Andrew stopped outside Jane's door and knocked on the doorframe. Her back to him, studying her screen, Jane must have somehow recognized Andrew's knock. "Andrew," she said without looking up. "One sec."
She half-stood, still holding the mouse and staring at the screen. Then she clicked, stood up straight, and turned to face him. "OK," she said. "Where to?"
"Courtyard," Andrew replied.
They walked silently to the elevator, rode it to One, crossed the lobby, went out into the brilliantly sunny courtyard, and sat down at an empty umbrella table. Jane still had her coffee mug in hand. She sipped.
"So…" she prompted him.
"This contract bothers me," Andrew began. "I'm a project manager. I don't know much about negotiating contracts. I'll probably do something dumb, but I'm not sure that's what bothers me."
Managing a project for which
you negotiated contracts
presents a conflict of interestAndrew wasn't sure, but Jane was. She'd been there. "Right," she began. "The real problem is that project managers shouldn't be negotiating contracts. It's a conflict of interest."
Jane's insight isn't widely shared, but she does raise a critical point. Project managers who must monitor day-to-day performance of contracts they personally negotiated have a potential conflict of interest. Here are some of the ways this conflict can appear.
- Vulnerability to time pressure
- Especially if negotiations drag on, the organization might apply pressure to the negotiator to bring negotiations to completion. For those project managers who are also the negotiators, this pressure can lead to a temptation to yield, based on a belief that we can "close the gap" through cleverness during project execution.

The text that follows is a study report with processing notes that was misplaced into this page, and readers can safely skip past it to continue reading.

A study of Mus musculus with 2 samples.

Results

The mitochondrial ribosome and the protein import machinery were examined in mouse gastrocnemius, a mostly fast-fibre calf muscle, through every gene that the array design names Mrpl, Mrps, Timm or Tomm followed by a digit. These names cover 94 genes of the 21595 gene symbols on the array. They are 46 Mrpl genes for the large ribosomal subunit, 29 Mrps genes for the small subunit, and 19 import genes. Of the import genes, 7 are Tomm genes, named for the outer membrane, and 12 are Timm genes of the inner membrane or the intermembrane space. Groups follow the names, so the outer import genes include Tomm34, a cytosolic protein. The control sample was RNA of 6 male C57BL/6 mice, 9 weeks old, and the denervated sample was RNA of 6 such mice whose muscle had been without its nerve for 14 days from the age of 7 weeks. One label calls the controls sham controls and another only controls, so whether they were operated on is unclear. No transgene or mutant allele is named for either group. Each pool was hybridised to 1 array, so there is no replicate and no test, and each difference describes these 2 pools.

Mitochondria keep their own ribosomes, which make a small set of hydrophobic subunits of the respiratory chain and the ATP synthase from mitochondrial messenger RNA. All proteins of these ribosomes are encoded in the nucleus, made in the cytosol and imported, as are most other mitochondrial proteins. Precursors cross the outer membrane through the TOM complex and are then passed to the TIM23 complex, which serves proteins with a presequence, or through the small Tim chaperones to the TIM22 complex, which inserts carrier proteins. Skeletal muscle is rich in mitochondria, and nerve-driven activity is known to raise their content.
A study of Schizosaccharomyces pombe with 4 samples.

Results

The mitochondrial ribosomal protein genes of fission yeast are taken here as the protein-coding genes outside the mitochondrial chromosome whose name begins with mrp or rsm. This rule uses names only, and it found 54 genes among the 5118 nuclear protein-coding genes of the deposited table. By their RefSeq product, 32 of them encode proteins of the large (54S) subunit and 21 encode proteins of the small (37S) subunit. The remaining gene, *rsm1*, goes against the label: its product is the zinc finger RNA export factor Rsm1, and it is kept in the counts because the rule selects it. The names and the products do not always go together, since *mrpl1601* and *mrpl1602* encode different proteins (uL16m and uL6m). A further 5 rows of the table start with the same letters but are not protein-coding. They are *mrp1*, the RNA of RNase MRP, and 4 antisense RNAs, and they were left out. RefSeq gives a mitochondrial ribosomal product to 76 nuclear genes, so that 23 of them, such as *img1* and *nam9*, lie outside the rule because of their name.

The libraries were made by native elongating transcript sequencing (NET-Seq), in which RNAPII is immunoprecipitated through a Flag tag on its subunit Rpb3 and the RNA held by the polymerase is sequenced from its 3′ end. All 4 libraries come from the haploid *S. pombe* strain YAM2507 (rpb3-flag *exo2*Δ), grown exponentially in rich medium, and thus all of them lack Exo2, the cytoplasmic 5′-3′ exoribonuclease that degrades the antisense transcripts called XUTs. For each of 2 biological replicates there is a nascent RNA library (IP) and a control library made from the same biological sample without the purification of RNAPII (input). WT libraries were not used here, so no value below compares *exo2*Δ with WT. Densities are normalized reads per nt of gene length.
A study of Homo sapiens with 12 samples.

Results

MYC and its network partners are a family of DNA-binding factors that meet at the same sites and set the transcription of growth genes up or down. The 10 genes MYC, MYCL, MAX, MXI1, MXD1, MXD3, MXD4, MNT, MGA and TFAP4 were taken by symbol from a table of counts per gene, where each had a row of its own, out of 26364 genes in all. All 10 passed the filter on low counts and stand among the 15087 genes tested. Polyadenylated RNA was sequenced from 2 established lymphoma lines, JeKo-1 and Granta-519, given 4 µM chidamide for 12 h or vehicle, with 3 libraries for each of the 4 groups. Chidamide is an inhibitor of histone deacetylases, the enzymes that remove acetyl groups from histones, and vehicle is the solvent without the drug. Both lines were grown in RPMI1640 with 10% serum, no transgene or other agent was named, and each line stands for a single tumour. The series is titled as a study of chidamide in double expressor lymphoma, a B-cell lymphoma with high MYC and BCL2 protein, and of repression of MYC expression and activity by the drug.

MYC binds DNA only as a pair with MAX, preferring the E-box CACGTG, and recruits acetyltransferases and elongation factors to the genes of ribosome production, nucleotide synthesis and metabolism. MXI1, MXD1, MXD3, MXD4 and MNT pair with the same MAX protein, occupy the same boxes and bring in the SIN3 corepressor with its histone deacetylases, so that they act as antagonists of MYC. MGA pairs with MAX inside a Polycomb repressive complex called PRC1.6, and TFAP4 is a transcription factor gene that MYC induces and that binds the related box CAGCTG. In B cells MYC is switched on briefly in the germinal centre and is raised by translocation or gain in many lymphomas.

- When project manager and negotiator are separate people, the project manager can better represent the project's interests, insisting on what is actually required, and compelling more creative negotiation.
- Hidden cost transfers
- During negotiations, it's common to entice the vendor with the promise of work on future projects. But when the negotiator manages both the project at hand and the future project, this tactic amounts to a transfer of resources between the two projects. It distorts the costs of both, invalidating the metrics used to manage projects.
- When the negotiator and project managers are independent, each contract is more likely to stand on its own.
- Concealed contract flaws
- When there are flaws in the contract that become evident only during execution, and when the negotiator has gone on to become the project manager, it is the project manager who must report defects in the contract that he or she produced. It can be tempting to find a way to avoid reporting a flaw of one's own creation.
- When the negotiator and project manager are independent, contract flaws are more likely to be reported, and remedial action is possible.
- Budget Shenanigans: Swaps
- When projects run over budget, managers face a temptation to use creative accounting to address the
problem. The budget swap is one technique for making ends meet. It distorts organizational data, and
it's just plain unethical.
- Tornado Warning
- Telephonic Deceptions: I
- Reporting workplace malpractice can be the right thing to do. And it's often career-dangerous. Here
- Some of the lore about dealing with bullies at work isn't just wrong — it's harmful. It's harmful in the sense that applying it intensifies the bullying. Here are six insights that might help when devising strategies for dealing with bullies at work. Example: Letting yourself be bullied is not a thing. Available here and by RSS on March 6.